Ross Douthat & Reihan Salam writing for the Weekly Standard note:
After all, Ronald Reagan, the man whose legacy Bush has supposedly betrayed, presided over a federal government that consumed 23.5 percent of GDP in 1984. Granted, this was at the height of the Cold War defense build-up, yet the figure far surpasses spending under President Clinton, which reached a low of 18 percent of GDP in 2001. Under Bush, spending has inched over 20 percent of GDP, a definite increase from the era of the “peace dividend.” But spending is still far from Reagan-era levels. And the post-9/11 defense buildup (defense spending has increased by roughly 40 percent over 2001 levels, to nearly half a trillion dollars) accounts for the bulk of the increased spending. When you factor out spending on homeland security, domestic discretionary spending has barely budged under Bush.
While this sounds about right – the National Review’s Ramesh Ponnuru chooses to quibble:
But I have real disagreements with Douthat and Salam as well. It seems to me that they are much too generous about Bush’s generosity with taxpayer dollars here: “When you factor out spending on homeland security, domestic discretionary spending has barely budged under Bush” (their emphasis). I’m not sure that looking solely at domestic discretionary spending makes sense, especially given an administration that asked for, and received, a new entitlement program for prescription drugs for the elderly. In addition, depending on our purpose, we might want a yardstick that takes into account the possibility, even if it is a theoretical one, that domestic spending could be cut to make room for higher defense and security spending. But even ignoring those two caveats, I don’t think that the authors’ claim is true. Brian Riedl of the Heritage Foundation has looked at domestic discretionary spending, excluding homeland-security spending, and he finds that it rose 40 percent between 2001 and 2006. (That’s 7 percent annually.) That’s more than it rose during Clinton’s entire eight years (39 percent, or 4.2 percent annually).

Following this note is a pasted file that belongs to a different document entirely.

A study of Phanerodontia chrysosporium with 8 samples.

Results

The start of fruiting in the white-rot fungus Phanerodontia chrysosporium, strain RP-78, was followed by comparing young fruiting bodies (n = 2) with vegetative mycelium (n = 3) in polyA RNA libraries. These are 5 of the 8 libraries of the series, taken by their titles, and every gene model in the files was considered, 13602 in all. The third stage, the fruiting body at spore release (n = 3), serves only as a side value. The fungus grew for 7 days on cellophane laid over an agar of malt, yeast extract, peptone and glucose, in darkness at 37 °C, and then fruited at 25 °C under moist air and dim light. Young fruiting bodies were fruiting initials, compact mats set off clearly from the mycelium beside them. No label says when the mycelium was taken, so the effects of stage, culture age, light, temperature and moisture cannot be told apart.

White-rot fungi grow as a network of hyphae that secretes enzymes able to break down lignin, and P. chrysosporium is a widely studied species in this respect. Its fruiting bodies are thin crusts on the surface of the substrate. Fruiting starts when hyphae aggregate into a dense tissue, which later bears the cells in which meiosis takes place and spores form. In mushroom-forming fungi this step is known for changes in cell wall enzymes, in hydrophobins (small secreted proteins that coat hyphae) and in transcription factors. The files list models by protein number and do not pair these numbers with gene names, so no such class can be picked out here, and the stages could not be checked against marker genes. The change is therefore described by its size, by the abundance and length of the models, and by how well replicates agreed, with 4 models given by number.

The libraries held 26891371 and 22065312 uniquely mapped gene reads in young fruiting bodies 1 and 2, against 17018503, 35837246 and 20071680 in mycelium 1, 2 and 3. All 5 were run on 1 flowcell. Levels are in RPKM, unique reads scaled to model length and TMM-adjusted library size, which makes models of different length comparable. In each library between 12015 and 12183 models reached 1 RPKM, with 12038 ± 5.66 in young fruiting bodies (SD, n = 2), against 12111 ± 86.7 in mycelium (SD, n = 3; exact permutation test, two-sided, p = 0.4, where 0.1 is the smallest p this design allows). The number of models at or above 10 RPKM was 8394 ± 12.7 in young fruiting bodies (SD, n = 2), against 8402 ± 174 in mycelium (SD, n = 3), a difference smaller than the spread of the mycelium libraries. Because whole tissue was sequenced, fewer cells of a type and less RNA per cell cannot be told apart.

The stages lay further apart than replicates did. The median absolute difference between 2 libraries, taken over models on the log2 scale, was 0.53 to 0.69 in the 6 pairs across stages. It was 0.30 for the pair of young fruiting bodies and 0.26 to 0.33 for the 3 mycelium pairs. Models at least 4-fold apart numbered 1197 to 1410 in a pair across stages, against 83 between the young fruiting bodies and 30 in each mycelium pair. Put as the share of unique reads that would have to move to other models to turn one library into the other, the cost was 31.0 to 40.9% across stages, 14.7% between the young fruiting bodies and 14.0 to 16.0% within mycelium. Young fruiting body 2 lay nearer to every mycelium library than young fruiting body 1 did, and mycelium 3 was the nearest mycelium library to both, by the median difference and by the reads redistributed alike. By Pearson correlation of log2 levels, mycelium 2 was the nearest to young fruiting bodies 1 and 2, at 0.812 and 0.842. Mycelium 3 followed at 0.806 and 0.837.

Looking at nominal increases is the kind of stupidity we have come to expect from National Review nitwits like Lawrence Kudlow. But Ponnuru has a real point about the costly prescription drug program, which has yet to be really factored into historical reviews of spending.
Douthat-Salam and Ponnuru toss around “big government conservative” and “small government conservative” a lot but neither piece dared to raise the “T-word”, so let me remind them of Milton Friedman’s adage “to spend is to tax”. President Bush keeps exciting conservatives by telling them he has cut taxes and he intends to make those tax cuts permanent. One would think that just a little space in the Weekly Standard and/or the National Review could be used to tell their readers that Bush’s fiscal policy has only shifted the tax burden to the future – especially as they debate just how much spending has increased.